Program Precision is a new competition format that adds some excitement to precision flying while significantly reducing the time required to complete the discipline.
In Program Precision, competitors fly 3 pre-chosen precision figures as components of an encompassing 1-4 minute non-musical routine. The three figures are selected by the Chief Judge and are required to be posted in the order they are to be flown at least 30 days in advance of the competition.
When the flier takes the field, they begin their routine by calling “IN”. Throughout the course of the routine, as the flier begins each figure, they will call “IN” again, and “OUT” as they complete the figure. At the end of the routine, the competitor will call “OUT”. Judges are required to quickly score each figure as it is completed, then judge the routine as a whole once it is completed.The Program format is only used for individual dual or multi-line precision, and only for the Experienced and Masters classes. Scoring for the format is the same as the current standard format; each figure counts for 20% of the total score, 40% of the total score comes from the Execution and Choreography scores for the routine.
Full details can be found in AKA Appendix 2.7:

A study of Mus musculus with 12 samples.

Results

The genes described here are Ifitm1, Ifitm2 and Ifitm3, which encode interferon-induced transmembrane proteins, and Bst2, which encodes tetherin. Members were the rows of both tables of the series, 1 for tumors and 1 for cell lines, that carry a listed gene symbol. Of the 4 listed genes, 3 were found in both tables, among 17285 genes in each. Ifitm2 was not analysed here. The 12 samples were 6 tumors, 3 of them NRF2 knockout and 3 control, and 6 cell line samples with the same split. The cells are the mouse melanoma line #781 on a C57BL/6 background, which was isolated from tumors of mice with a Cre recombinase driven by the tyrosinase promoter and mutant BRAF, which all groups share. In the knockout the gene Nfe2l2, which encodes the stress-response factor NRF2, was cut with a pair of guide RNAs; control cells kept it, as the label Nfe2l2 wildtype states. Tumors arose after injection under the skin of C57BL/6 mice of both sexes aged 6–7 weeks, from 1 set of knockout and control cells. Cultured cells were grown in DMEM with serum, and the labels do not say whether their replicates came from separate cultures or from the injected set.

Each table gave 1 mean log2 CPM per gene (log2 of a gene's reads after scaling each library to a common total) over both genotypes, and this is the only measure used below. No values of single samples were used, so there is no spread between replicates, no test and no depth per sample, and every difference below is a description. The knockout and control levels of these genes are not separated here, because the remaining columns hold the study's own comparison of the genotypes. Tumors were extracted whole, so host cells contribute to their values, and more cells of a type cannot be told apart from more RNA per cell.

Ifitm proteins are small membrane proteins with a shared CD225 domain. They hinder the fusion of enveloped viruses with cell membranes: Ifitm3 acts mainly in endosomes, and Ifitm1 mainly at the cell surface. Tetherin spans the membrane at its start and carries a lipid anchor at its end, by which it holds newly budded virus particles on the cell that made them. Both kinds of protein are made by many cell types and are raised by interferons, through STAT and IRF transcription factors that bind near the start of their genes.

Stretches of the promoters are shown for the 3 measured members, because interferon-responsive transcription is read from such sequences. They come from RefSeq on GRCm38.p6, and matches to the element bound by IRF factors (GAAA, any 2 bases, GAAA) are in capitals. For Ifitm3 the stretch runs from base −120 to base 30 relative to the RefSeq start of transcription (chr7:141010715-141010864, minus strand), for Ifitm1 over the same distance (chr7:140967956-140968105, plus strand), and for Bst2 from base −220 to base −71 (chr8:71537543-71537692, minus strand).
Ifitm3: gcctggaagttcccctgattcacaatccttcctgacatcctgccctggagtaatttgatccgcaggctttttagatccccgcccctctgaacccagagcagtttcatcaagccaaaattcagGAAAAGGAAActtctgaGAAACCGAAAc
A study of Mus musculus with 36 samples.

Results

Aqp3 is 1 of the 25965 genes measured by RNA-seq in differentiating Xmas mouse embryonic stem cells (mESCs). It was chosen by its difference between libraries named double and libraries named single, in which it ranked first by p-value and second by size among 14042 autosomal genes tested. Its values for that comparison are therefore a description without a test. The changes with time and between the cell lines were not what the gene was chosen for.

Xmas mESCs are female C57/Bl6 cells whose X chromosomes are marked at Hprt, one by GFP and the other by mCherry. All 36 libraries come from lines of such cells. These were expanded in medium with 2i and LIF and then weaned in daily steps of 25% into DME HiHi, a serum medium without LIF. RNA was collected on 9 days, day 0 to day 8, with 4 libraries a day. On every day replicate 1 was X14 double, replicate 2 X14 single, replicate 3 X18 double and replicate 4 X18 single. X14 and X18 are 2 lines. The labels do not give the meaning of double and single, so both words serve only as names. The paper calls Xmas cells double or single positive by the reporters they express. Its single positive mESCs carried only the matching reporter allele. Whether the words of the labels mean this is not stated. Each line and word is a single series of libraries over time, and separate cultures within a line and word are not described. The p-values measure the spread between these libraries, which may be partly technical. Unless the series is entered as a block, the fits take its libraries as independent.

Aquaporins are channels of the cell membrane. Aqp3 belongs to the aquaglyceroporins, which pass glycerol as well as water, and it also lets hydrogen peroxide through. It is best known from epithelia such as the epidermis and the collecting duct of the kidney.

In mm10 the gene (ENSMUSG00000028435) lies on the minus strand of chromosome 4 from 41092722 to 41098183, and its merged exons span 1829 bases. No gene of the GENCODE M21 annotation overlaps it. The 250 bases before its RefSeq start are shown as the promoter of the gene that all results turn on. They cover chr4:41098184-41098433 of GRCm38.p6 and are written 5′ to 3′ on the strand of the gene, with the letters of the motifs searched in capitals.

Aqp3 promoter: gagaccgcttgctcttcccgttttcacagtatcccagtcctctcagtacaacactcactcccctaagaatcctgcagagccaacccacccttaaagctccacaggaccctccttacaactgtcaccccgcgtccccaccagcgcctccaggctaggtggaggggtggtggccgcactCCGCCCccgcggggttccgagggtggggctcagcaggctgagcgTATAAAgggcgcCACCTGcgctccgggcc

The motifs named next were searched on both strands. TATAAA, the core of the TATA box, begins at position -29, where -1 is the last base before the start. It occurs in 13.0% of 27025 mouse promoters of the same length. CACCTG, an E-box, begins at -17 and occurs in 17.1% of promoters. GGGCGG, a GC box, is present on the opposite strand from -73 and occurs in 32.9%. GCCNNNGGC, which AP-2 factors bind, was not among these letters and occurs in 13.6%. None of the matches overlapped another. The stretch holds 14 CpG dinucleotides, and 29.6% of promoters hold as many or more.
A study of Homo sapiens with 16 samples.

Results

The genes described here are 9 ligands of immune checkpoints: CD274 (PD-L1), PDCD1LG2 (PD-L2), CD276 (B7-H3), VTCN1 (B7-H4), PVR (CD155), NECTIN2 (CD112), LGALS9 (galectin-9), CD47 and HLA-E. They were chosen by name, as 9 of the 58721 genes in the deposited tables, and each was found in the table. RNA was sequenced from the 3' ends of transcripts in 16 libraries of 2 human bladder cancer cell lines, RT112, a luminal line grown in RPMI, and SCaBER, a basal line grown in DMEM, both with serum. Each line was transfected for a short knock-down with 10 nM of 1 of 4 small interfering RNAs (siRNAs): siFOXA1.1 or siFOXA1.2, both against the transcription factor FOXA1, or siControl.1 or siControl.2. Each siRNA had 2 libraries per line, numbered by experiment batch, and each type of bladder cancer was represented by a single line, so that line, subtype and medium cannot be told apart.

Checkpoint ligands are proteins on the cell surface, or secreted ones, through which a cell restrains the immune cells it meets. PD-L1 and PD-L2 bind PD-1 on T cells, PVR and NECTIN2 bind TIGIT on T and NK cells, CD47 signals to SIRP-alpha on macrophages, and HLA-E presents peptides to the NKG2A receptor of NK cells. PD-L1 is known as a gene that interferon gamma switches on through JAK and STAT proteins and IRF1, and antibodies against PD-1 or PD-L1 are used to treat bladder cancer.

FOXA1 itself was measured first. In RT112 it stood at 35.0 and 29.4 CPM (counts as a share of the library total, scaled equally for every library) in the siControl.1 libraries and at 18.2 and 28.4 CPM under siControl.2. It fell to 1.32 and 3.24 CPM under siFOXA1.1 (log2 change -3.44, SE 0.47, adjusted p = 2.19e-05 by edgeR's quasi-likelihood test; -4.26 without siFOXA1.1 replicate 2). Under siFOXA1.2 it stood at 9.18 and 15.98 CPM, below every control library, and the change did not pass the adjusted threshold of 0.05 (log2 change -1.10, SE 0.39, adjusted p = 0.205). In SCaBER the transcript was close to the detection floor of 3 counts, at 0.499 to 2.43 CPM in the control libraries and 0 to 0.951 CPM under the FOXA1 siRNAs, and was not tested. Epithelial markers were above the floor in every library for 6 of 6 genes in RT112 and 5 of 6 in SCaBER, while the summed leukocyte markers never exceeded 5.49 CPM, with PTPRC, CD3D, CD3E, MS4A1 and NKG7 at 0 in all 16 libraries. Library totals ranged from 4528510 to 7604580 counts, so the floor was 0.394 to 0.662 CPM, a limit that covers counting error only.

The AKA Sport Kite Committee strongly recommends the use of this new format for all AKA-sanctioned sport kite events. It will save event organizers, competitors, and field staff up to 50% of the time normally spent on the field for precision events. As an event organizer, it makes your event so much easier to schedule and allow for more flexibility for varying conditions. It also means that your judging panels and field staff spend less time standing with clipboards and more time flying and having fun!The 2013 AKAGN national competition will also be using the Program Precision format, so it's important that competitors across the country get the opportunity to fly in the format before they compete for a national title. Program Precision has been the dominant format used on the East Coast for the past 2 years, and has been uniformly accepted by competitors, judges and field staff as a much better format than the standard precision.